Put some golf balls inside a Coke bottle!
This is a conversation piece that I made just for fun. It would make a great gift for the Coca-Cola and/or golf lover in your life . . . or for anyone that just likes funky, interesting things.
Read on to see how I did this, and the techniques you can use to put whatever you want into a Coke bottle as well.
Here's a video I made of the process, if you're interested: https://youtu.be/0TQ-w0fW-VI
Step 1: How Do You Do It?
There's no great trickery here; this was done just as you likely suspected:
The bottle was cut and glued back together with golf balls inside.
However, that's easier said than done . . .
All details are covered in the following steps.
If you're interested I've also made an "impossible bottle" instructable, where the bottles were not cut or modified in any way. It's a fun puzzle that pretty much anyone can tackle. Check it out here: Deck of Cards in a Bottle.
Step 2: Cutting Glass Bottles
Cutting glass bottles has been a DIY rage for the last few years, and there are a number tutorials and videos all over the internet that cover various techniques and contraptions people use to cut bottles.
My recommendation? Don't overthink it!
There are simple procedures you can use to get a clean break, which I'm outlining in this Instructable. Jigs and cutting fixtures are great if you need to cut a lot of bottles, but for the occasional one-off bottle project you can get by well-enough without.
Here's what you need:
- Bottle (I used a 12 oz/355 ml Coke bottle)
- Simple glass cutter
- Basic oil
- Sturdy stack of stuff as tall as you want to make the cut
Put some oil on the cutting wheel of your cutter, and hold it firmly down on the stack of stuff so it sticks out about 1 cm or so. I made my score line at the very bottom of the label band on the bottle, right in the crease.
Hold the bottle firmly against the table and press it against the cutting wheel. Rotate the bottle in a circle pressing it both firmly downward on the table, as well as against the cutting wheel.
You should hear a little grinding/crunching noise as you rotate, which indicates you are scoring the bottle as needed.
Score a complete circle around the whole bottle. You don't need to go over a scored area more than once! As long as you heard the crunching sound as you passed over an area, that area is adequately scored.
Step 3: Stress the Glass
The glass will break along the scored line if you stress it by exposing it to alternating hot and cold.
For consistently clean breaks, in my experience you don't want the "hot" to be too hot (blowtorch? NO!), or the "cold" to be too cold (ice? eh, not needed).
I've had the best results using running hot and cold water to stress the glass along the score. Using running water applies the most uniform temperature changes to the entire score line at once. (As opposed, say, to using a lighter and piece of ice.)
Here's what I do:
- Turn sink faucet onto a small stream of the hottest tap water I can get, and take a pitcher of cold water from the fridge.
- Start with the hot water. Rotate the bottle under the stream for about a minute, focusing the stream on the scored line.
- Then, with the bottle laying in the sink, I pour a stream of the cold water onto the scored line rotating the bottle as before.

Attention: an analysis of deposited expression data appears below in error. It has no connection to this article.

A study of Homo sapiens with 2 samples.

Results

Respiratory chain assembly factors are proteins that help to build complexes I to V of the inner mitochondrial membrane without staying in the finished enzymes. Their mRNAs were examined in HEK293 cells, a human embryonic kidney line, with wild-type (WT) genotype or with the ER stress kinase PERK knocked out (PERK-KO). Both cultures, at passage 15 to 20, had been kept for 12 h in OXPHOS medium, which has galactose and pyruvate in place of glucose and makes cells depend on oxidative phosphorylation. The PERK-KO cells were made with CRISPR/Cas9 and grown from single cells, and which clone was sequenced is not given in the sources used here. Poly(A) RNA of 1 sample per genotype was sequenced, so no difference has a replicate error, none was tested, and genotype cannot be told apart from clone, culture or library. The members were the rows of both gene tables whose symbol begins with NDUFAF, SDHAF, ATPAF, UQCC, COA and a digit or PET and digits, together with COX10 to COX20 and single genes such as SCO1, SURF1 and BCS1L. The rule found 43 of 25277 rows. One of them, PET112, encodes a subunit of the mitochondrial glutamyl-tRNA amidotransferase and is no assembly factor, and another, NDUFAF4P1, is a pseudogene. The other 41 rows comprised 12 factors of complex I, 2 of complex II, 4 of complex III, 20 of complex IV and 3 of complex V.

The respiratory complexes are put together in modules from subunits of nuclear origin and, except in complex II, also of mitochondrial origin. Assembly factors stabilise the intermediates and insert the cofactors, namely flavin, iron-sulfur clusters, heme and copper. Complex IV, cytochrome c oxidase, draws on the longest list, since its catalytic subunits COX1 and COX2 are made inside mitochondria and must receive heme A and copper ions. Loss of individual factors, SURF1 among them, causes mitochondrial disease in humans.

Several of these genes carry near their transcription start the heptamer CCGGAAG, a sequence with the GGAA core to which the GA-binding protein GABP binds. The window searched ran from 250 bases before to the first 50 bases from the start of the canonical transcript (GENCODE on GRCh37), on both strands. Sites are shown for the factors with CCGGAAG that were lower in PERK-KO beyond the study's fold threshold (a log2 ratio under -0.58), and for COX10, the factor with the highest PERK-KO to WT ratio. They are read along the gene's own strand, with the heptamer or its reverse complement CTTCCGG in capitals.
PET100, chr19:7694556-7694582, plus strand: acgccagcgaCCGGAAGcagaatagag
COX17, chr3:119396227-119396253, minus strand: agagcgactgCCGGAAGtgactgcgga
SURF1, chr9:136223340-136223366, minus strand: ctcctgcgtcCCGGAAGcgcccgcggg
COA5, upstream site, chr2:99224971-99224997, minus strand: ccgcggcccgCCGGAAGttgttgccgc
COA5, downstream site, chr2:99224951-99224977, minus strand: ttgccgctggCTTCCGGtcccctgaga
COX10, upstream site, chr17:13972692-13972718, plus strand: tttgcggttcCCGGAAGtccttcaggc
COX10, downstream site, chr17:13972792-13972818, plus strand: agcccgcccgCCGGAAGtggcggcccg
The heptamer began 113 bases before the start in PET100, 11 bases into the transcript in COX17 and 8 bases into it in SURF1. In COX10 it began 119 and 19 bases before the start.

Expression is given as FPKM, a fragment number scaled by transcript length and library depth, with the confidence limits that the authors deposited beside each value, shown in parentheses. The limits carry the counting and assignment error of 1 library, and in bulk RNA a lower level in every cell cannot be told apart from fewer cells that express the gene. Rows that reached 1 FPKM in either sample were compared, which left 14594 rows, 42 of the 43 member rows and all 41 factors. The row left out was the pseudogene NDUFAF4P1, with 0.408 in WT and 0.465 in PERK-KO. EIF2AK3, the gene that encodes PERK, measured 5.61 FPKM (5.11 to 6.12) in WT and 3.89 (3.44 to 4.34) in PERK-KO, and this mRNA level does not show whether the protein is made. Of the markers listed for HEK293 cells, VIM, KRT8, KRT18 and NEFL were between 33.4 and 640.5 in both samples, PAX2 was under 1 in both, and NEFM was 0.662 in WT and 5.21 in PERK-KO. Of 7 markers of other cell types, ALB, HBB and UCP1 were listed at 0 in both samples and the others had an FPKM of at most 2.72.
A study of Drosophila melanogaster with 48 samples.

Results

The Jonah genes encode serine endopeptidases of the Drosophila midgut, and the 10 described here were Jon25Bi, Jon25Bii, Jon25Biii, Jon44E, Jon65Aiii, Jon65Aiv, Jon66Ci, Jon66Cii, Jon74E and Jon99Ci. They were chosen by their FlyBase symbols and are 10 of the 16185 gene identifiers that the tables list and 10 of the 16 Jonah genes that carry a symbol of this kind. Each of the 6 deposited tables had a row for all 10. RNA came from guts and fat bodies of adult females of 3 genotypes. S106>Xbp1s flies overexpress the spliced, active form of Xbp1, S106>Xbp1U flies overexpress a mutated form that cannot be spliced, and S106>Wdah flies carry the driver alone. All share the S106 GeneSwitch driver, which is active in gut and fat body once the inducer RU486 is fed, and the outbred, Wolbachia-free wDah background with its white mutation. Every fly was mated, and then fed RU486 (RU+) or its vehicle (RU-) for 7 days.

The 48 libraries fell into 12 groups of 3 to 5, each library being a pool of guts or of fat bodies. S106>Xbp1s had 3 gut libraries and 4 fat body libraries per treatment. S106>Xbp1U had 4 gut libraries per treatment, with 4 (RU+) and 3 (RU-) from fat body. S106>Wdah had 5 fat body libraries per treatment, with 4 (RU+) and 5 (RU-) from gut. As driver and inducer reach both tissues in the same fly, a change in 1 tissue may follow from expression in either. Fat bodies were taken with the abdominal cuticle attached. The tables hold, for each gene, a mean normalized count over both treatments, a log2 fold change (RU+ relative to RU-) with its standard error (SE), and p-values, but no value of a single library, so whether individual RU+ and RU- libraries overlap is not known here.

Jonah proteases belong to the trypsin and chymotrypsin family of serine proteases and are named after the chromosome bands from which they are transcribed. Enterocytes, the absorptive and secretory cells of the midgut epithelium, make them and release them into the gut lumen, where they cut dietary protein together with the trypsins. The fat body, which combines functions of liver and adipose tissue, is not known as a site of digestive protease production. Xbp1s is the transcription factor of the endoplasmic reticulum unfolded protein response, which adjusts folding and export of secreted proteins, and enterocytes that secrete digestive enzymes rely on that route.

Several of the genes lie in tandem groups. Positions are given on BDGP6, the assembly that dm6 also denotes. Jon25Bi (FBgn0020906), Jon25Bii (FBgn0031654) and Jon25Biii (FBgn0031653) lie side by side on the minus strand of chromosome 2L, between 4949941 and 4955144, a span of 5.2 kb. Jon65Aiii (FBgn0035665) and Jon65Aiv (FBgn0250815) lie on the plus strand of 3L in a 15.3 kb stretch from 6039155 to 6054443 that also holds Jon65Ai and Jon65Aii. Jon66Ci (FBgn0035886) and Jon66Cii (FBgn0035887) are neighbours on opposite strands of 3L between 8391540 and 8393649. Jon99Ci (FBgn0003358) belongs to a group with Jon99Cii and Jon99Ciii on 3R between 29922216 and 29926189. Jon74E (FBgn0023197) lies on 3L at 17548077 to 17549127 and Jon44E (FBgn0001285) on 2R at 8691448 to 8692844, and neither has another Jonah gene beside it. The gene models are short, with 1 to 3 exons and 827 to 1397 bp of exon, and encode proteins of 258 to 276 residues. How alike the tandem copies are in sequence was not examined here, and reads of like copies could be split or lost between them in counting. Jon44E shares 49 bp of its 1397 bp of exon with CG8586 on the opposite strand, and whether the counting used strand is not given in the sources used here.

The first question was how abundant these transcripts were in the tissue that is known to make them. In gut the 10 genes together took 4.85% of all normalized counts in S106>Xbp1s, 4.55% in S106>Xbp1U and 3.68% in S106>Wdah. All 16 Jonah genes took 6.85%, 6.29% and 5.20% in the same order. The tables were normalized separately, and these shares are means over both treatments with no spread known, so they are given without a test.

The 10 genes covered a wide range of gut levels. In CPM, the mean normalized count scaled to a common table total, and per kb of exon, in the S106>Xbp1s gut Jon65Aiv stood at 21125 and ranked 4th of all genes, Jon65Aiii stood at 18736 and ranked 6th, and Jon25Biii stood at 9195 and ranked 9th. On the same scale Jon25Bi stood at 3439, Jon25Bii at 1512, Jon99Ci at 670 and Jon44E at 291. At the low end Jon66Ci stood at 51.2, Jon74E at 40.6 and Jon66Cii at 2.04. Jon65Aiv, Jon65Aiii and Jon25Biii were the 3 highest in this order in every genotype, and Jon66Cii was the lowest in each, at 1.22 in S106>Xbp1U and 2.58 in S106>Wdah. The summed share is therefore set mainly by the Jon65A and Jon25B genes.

- I go back and forth like this till the bottle parts along the score.
In this case, the bottle came cleanly apart immediately once I returned it to the hot water for the 2nd time. Be sure to either hold both sides of the bottle, or keep it laying in the sink so you don't drop the half that falls away.
Step 4: Viola!
Dry the two halves the the bottle carefully, as the cut edges are obviously very sharp.
(I know the word is not "viola." Everyone knows the correct spelling is "Wallah!")
Step 5: Add Marks
To make putting the halves back together easier once there's glue involved, I added a couple of dots on either half with a marker. I did this after cutting the bottle, but a better way would be to do this prior to cutting.
The seam appears especially visible in this photo, but after adding the adhesive it becomes slightly less obvious.
Step 6: Remove the Date Code
Just for looks, I removed the date code with a rag and some Goof Off.
Keep this stuff handy, as we'll be using it to clean up a tiny bit of glue residue later.
Step 7: Balls
Get some golf balls, and wash them if needed.
Make silly comments while you do this, and giggle like Beavis and Butt-Head.
I'm using Pro V1's because my golfing buddies say they're the best. I don't buy the hype personally, yet I do get happy when I find them in the trees while looking for whatever ball I knocked in there in the first place . . .
Step 8: Glue
For the adhesive in this application, I recommend E6000.
Alternately you could try some 2-part epoxy, but E6000 cures plenty strong, dries clear and is less likely to yellow over time.
Step 9: Add Balls and Glue
I applied a tiny amount of glue with a toothpick around just the outer half of the cut edges on both the top and bottom halves of the bottle.
I pressed the halves together using the marker dots as a guide, and gently wiggled the halves together until they seated themselves back in their original position. I let the bottle sit undisturbed for about 15 minutes.
Because of the way I applied the glue there was no squeeze-out internally, but a little externally. I used a rag and some more Goof Off solvent to gently wipe away the tiny bit of adhesive that had squeezed out along the joint.
Step 10: Add the Cap
I popped the original bottle cap back in place for looks.
Step 11: That's It!
A 355 ml bottle holds four golf balls, and a 500 ml bottle holds five.
Got any ideas of what else would be cool to see inside a Coke bottle? If you put something inside a bottle like this, I would love to see a photo in the comments.
Thoughts, questions, feedback are always welcome. Thanks for taking a look!